A fear in the United States is that moving toward a universal healthcare system would mean that we would have to ration care. At this point, our doctors and nurses are already overwhelmed by the number of patients under their care. They already have packed waiting rooms and some specialties are booking out months and months in advance. Big cities have primary care providers with full practices, and rural towns don’t have enough doctors, especially specialists, for their population. Opening up the healthcare system to make sure everyone has affordable access means that the system will become even more backlogged, and care will have to be rationed to prevent it from being overwhelmed by a sudden flood of people scheduling appointments.
However, Dave Chase points out, in his book The Opioid Crisis Wake-Up Call, that we are already rationing care. He writes, “While some worry about rationing care, the volume-driven reimbursement system has always rationed choices by pushing us toward costly, invasive treatment options.”
In other words, we are already doing a poor job of allocating healthcare resources, and we are already rationing our healthcare in an inequitable manner. We are rationing it by price, shutting out those who cannot afford treatment and over-prescribing unnecessary treatment to those with the means to pay for it.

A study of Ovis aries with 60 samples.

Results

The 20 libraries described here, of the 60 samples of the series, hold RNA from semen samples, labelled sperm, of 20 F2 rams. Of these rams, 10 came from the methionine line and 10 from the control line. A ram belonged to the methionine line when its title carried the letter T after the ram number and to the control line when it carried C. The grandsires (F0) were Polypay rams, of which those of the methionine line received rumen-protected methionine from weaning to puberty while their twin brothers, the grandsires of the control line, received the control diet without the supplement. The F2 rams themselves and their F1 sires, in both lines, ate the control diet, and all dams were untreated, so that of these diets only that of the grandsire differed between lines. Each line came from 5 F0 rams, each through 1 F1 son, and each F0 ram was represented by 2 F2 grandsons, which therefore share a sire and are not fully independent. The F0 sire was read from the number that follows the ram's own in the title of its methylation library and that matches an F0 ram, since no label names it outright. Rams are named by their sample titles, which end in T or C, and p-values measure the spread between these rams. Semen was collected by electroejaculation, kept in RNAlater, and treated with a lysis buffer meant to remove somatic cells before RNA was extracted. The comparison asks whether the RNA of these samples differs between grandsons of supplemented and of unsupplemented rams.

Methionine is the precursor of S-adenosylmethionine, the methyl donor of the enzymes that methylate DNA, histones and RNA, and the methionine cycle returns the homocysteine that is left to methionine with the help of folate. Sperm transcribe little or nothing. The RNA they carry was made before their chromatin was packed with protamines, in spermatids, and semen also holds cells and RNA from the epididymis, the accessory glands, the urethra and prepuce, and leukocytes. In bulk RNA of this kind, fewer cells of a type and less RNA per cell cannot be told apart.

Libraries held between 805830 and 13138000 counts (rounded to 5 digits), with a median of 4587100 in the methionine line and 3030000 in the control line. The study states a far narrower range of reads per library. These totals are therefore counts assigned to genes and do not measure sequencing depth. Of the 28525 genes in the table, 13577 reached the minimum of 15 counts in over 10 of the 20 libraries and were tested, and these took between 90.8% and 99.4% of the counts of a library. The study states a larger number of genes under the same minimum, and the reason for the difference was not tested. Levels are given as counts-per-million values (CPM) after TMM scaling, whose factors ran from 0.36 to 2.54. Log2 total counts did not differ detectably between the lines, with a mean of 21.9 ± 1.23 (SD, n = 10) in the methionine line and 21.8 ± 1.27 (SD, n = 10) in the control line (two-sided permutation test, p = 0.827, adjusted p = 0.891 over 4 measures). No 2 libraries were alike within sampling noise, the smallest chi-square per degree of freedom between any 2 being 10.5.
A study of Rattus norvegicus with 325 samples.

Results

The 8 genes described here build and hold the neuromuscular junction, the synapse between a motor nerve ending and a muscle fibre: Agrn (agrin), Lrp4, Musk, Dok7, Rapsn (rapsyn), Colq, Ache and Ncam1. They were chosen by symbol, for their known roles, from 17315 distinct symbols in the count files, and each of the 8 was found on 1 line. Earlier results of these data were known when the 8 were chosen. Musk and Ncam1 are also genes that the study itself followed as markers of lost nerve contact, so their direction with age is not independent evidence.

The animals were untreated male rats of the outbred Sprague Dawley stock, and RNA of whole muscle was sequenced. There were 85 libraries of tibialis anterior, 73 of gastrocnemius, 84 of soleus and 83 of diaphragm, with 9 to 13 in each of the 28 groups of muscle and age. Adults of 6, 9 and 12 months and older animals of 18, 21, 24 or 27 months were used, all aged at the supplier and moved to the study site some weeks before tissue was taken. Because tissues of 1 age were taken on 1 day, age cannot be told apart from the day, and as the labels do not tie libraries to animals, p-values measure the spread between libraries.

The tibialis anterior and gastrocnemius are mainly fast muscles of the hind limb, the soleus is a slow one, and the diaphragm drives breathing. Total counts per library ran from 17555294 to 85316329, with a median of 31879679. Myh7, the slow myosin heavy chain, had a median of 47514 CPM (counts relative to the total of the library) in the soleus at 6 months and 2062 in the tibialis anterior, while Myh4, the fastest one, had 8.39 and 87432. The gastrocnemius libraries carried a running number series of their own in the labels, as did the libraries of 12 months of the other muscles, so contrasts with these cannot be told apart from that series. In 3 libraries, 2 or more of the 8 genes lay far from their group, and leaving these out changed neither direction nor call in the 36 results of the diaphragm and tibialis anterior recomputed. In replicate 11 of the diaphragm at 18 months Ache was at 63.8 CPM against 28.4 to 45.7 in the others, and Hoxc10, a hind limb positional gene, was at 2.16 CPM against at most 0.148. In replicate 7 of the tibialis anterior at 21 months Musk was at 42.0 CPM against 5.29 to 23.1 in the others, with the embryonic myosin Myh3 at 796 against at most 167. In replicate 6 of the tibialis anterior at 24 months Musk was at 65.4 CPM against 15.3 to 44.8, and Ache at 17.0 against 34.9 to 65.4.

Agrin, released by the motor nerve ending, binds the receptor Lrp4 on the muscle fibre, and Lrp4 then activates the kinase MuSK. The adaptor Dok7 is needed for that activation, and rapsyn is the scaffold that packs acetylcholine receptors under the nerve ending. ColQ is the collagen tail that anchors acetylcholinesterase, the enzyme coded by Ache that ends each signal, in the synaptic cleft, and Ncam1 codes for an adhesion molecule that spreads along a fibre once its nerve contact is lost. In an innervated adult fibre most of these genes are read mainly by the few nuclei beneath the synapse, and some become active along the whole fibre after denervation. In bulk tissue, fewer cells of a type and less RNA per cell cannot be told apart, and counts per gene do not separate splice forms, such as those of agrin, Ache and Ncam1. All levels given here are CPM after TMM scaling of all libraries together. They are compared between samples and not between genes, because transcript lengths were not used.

I think a big hesitation around universal healthcare in the United States is that we tie everything into deservingness. We have ideas of who deserves a raise, who deserves to have a nice car or a fancy office, and who deserves help and who doesn’t. Healthcare fits into that same system of deservingness, and giving healthcare to people for free means that we won’t be rationing care by the same system of deservingness. Suddenly, people who are wealthy who have been telling themselves and others how much they deserve their wealth and the things it brings would not be prioritized by the healthcare system, and priority would maybe be given to those with the most serious need or who had the greatest likelihood to benefit from medical intervention. This doesn’t seem to fit with our American story, and that is where the fears of rationing care may stem from. Like Chase said however, we are already rationing care, but not in the most effective and equitable manner.